April 24, 2020

This week we discuss new evidence about the effects of U.S. gun laws; changes schools may have to make when they reopen; faith-based organizations' role in pandemic response; why we need to prepare for a COVID-19 hurricane; the importance of understanding COVID-19 sex and gender differences; and how the pandemic is disrupting the U.S. justice system.

Illustration by Chara Williams / Images by Adobe Stock and Getty Images

Illustration by Chara Williams/RAND. Images by Adobe Stock and Getty Images

Gun Policy in America: New Insights

What does scientific evidence tell us about the effects of gun laws? RAND's Gun Policy in America initiative seeks to answer this question—and establish a shared set of facts about one of the nation's most divisive issues.

This week, we released a major update to this initiative. Here are some key takeaways:

  • There is supportive evidence—our strongest evidence rating—that stand-your-ground laws are associated with an increase in firearm homicides. There is moderate evidence—our second-highest rating—that they may increase total homicides.
  • There is moderate evidence that waiting periods reduce rates of firearm suicide and total homicide.
  • Despite a recent increase in gun policy studies, there remains a lack of robust evidence for the effects of several types of commonly proposed laws.
  • U.S. gun ownership rates have been declining over the last three decades, but trends vary by state.
Hallways are empty during school closures in an effort to curb the spread of the coronavirus, in Milton-Union Exempted Village School District in West Milton, Ohio, March 13, 2020, photo by Kyle Grillot/Reuters

An empty hallway at a school in Milton-Union Exempted Village School District, Ohio, March 13, 2020

Photo by Kyle Grillot/Reuters

What Will Schools Be Like When They Reopen?

Whenever schools reopen, they will likely have to make changes so that teachers, staff, and students can practice social distancing. This will require rethinking hygiene practices, scheduling, transportation, and more, says RAND's Heather Schwartz. School decisionmakers will need guidance—perhaps from a federal agency—in these areas. If schools receive the support they need, then educators can focus on what they do best: teaching students.

A woman prays alone in Blessed Sacrament Catholic Church on Palm Sunday amid the COVID-19 outbreak in Worcester, Massachusetts, April 5, 2020, photo by Brian Snyder/Reuters

A woman prays alone in Blessed Sacrament Catholic Church in Worcester, Massachusetts, April 5, 2020

Photo by Brian Snyder/Reuters

Faith-Based Organizations and the Pandemic

Religious congregations have long played critical roles in providing mental health support, food assistance, and other social services to communities. As the battle against COVID-19 continues, the need for these services is only becoming more dire. According to Kathryn Derose, a RAND researcher and an Episcopal deacon, and Reverend Michael Mata, faith-based organizations should be seen as important partners in caring for vulnerable people during the pandemic.

Houses are partially submerged in flood waters after a Hurricane Isaac levee breach in Braithwaite, Louisiana August 31, 2012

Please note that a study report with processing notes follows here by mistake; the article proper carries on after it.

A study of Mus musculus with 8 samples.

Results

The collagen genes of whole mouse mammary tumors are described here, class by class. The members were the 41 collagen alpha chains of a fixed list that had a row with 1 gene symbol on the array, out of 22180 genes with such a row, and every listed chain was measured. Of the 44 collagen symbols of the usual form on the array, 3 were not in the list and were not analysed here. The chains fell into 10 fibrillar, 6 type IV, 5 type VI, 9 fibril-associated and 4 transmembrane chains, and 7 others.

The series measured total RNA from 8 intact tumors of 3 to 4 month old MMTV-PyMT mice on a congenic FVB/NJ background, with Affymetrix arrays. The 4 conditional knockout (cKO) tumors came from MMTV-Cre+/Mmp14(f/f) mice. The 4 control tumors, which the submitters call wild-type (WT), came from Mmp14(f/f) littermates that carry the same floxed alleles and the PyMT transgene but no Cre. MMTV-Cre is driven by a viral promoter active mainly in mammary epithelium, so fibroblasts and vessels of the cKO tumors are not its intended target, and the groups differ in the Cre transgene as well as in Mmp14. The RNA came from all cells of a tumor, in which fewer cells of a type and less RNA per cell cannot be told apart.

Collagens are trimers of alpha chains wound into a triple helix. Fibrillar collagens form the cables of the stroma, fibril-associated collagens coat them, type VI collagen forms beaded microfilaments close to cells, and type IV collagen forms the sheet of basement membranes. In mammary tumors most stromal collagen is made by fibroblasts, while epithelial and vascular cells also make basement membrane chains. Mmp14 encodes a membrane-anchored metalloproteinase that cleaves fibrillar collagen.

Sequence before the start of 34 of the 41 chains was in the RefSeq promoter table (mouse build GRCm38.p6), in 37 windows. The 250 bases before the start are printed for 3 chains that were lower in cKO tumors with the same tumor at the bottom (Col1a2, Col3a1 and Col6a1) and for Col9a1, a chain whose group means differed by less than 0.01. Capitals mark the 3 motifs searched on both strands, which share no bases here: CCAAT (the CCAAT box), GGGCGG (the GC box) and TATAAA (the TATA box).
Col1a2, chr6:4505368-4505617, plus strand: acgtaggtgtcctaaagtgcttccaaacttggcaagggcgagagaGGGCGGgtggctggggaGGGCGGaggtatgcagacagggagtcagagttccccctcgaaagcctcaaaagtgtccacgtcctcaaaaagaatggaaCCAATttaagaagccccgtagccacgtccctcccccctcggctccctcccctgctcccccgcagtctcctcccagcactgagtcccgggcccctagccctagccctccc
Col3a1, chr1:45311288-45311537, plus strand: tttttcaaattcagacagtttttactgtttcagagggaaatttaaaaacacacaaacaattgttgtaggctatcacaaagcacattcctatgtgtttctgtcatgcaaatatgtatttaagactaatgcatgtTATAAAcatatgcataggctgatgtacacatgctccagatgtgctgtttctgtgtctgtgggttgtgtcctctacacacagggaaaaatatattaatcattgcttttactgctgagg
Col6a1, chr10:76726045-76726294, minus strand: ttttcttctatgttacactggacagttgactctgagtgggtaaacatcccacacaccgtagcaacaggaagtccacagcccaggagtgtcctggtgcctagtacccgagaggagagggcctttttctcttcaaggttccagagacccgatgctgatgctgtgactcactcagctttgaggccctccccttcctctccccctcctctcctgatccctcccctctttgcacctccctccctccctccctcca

Flooding in New Orleans after Hurricane Katrina struck on August 31, 2005

Photo courtesy of J. Augustino/FEMA

We Need to Prepare for a COVID-19 Hurricane

What if Hurricane Katrina had hit during a pandemic? According to RAND experts, this is the scenario that emergency managers need to prepare for today. There are many issues to consider, including response systems that are already overwhelmed; the complications of evacuating and sheltering; and how to deploy emergency workers. What's more, because millions of Americans have been out of work due to COVID-19, the government may need to play an even more active role to assist with hurricane recovery.

Multi-ethnic group of women, photo by andresr/Getty Images

Photo by andresr/Getty Images

Why We Should Study COVID-19 Sex and Gender Differences

Many factors affect how people develop COVID-19, including sex and gender. According to RAND experts, it's important to test and report on these differences now—as part of building a strong evidence base about the pandemic. To overlook this data would be to “follow the dangerous path of prior clinical research…allowing mistaken and potentially deadly misunderstandings based on the failure to consider sex and gender from the start.”

A member of the Seattle Fire Department leaves the scene following a medical response as efforts continue to help slow the spread of COVID-19 in Seattle, Washington, U.S. March 31, 2020, photo by Jason Redmond/Reuters

A member of the Seattle Fire Department leaves the scene following a medical response, March 31, 2020

Photo by Jason Redmond/Reuters

The Pandemic Is Disrupting the Justice System

Many state and local courts are closed. Insurers have been asked to cover enormous unplanned losses. First responders are facing unprecedented risks. The spread of COVID-19 has caused massive disruptions to America's justice system. RAND research offers insights that could help policymakers address some of these issues. Our portfolio covers insurance compensation, using technology in court proceedings, supporting police and first responders, and more.